Sunday, March 29, 2009
Mama Cat -- Our Hospice Specialist
Most of us who have and love cats would no sooner give them up than we would give up a family member. We bond to them with implicit love and learn to manage their care even when it involves personal sacrifice.
Because of this, when we hear of someone surrendering their pet cat to a shelter, we automatically assume the cat "did something wrong" to break their bond with the family. This mind set helps us accept the routine shelter practice of euthanizing older cats rather than trying to find homes for them. Through our older cat program we learned the sad truth that many nice cats find their lives shortened for no other reason than they lost their home. Being a good or bad cat has little to do with it.
Mama was removed from her home of seven years because "the kids were allergic to her". To increase her adoptability, the family front-declawed her before taking her to the shelter not understanding her age would be the problem not her claws.
When we first met Mama we knew she was perfect for our Older Cats for Older People program. We placed her quickly with an assisted living facility that wanted a cat for their Alzheimer’s floor. (We had earlier fostered a little black male cat (BJ) with them and he was working out fine except some residents were superstitious about black cats and wouldn’t interact with him.) When Mama moved in, they changed BJ’s name to Papa and everyone – residents, staff and visitors delighted in the pair.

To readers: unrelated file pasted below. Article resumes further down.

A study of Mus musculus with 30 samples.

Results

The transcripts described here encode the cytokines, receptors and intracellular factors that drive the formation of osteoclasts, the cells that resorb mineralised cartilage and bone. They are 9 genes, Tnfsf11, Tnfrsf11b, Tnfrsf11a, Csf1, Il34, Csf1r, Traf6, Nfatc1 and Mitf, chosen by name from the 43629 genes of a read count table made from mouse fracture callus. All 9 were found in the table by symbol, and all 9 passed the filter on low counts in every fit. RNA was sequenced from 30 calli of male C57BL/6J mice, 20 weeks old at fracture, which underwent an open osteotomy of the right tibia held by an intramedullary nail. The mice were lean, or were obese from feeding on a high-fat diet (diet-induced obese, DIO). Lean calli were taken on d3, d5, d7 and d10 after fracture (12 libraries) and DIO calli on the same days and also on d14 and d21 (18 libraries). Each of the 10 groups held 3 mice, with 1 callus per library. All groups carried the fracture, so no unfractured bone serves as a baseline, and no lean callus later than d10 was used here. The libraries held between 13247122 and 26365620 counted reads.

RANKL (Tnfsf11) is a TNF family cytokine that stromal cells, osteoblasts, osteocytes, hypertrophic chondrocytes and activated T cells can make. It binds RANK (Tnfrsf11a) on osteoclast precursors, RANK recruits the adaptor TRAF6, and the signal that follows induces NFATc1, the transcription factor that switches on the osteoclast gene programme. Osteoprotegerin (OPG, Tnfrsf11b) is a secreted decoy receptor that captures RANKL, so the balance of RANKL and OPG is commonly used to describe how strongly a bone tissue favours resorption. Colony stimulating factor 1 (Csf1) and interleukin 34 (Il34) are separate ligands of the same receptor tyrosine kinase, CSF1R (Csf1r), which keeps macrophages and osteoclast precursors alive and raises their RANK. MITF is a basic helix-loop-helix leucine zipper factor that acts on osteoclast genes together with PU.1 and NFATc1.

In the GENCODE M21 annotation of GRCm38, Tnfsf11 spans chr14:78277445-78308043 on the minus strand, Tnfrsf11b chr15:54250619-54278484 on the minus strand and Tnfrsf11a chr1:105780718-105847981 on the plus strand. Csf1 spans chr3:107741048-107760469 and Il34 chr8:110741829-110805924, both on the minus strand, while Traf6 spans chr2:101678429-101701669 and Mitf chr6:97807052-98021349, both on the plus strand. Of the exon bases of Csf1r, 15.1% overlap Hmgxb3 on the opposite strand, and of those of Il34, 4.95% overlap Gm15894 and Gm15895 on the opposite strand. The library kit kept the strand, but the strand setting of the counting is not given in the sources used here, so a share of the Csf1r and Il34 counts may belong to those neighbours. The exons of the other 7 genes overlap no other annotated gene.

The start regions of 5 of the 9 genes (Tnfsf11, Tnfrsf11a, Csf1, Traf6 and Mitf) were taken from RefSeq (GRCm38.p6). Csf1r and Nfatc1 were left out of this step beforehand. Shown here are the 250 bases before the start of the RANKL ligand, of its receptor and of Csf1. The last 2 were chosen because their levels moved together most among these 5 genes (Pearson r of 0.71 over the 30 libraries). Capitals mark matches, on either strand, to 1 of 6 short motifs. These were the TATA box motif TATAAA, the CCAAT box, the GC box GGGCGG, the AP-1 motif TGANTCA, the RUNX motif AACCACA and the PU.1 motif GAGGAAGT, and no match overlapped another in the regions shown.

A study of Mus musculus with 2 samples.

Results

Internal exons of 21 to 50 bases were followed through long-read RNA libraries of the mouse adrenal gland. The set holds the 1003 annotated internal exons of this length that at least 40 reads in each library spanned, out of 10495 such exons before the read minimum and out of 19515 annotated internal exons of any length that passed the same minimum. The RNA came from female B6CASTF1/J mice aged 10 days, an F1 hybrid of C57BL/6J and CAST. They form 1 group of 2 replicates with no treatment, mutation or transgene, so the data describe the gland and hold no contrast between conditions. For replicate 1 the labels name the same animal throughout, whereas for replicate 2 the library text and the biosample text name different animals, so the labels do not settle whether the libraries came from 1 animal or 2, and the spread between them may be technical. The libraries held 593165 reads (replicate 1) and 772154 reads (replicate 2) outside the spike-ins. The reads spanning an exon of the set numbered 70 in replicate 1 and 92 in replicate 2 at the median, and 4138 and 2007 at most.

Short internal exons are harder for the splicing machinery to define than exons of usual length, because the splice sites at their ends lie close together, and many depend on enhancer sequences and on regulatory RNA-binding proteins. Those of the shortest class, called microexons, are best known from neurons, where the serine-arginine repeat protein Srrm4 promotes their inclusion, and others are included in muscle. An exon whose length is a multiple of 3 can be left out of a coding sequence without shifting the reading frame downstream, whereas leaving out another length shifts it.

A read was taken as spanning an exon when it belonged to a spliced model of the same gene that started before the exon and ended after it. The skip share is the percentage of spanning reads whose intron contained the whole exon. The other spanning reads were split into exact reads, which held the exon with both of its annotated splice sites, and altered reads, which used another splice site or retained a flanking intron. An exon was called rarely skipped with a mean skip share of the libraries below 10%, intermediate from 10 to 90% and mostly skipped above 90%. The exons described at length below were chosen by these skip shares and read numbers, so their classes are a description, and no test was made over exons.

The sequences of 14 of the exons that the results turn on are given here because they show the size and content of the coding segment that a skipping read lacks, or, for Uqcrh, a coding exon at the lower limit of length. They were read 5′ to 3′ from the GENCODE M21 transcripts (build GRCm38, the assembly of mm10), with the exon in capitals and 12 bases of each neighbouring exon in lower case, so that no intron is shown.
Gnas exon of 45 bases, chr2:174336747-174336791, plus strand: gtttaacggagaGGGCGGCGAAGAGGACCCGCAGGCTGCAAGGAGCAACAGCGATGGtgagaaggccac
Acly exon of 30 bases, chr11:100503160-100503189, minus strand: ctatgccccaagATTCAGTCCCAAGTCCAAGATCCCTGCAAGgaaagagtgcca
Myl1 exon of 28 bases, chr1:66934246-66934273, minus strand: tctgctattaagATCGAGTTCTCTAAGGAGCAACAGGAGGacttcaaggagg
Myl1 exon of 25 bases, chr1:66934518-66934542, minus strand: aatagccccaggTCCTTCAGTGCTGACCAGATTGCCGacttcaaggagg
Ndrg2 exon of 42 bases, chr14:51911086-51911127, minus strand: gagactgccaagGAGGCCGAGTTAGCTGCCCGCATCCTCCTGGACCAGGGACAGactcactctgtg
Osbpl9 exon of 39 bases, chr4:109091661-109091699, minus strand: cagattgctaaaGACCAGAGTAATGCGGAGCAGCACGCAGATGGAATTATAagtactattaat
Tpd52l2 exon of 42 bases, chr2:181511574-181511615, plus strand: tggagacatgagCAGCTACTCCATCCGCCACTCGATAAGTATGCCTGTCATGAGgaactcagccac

Over the years Mama showed she had a special gift for hospice care. When she sensed a resident was dying she maintained a vigil at their door until they passed providing comfort to the patient, their family and the staff providing hospice care.
After a few years Papa was returned to us when the staff replaced him with a kitten. Fortunately we found a good home for him with one of our volunteers. Shortly after, a staff member (who was Mama's primary caregiver) returned Mama to us because she was leaving for another job and was worried no one else would pick up the care.
Mama's sixteen now and has blended in well with our other cats -- both companion and feral. She's a little older and a little plumper now, but just as pleasant as ever.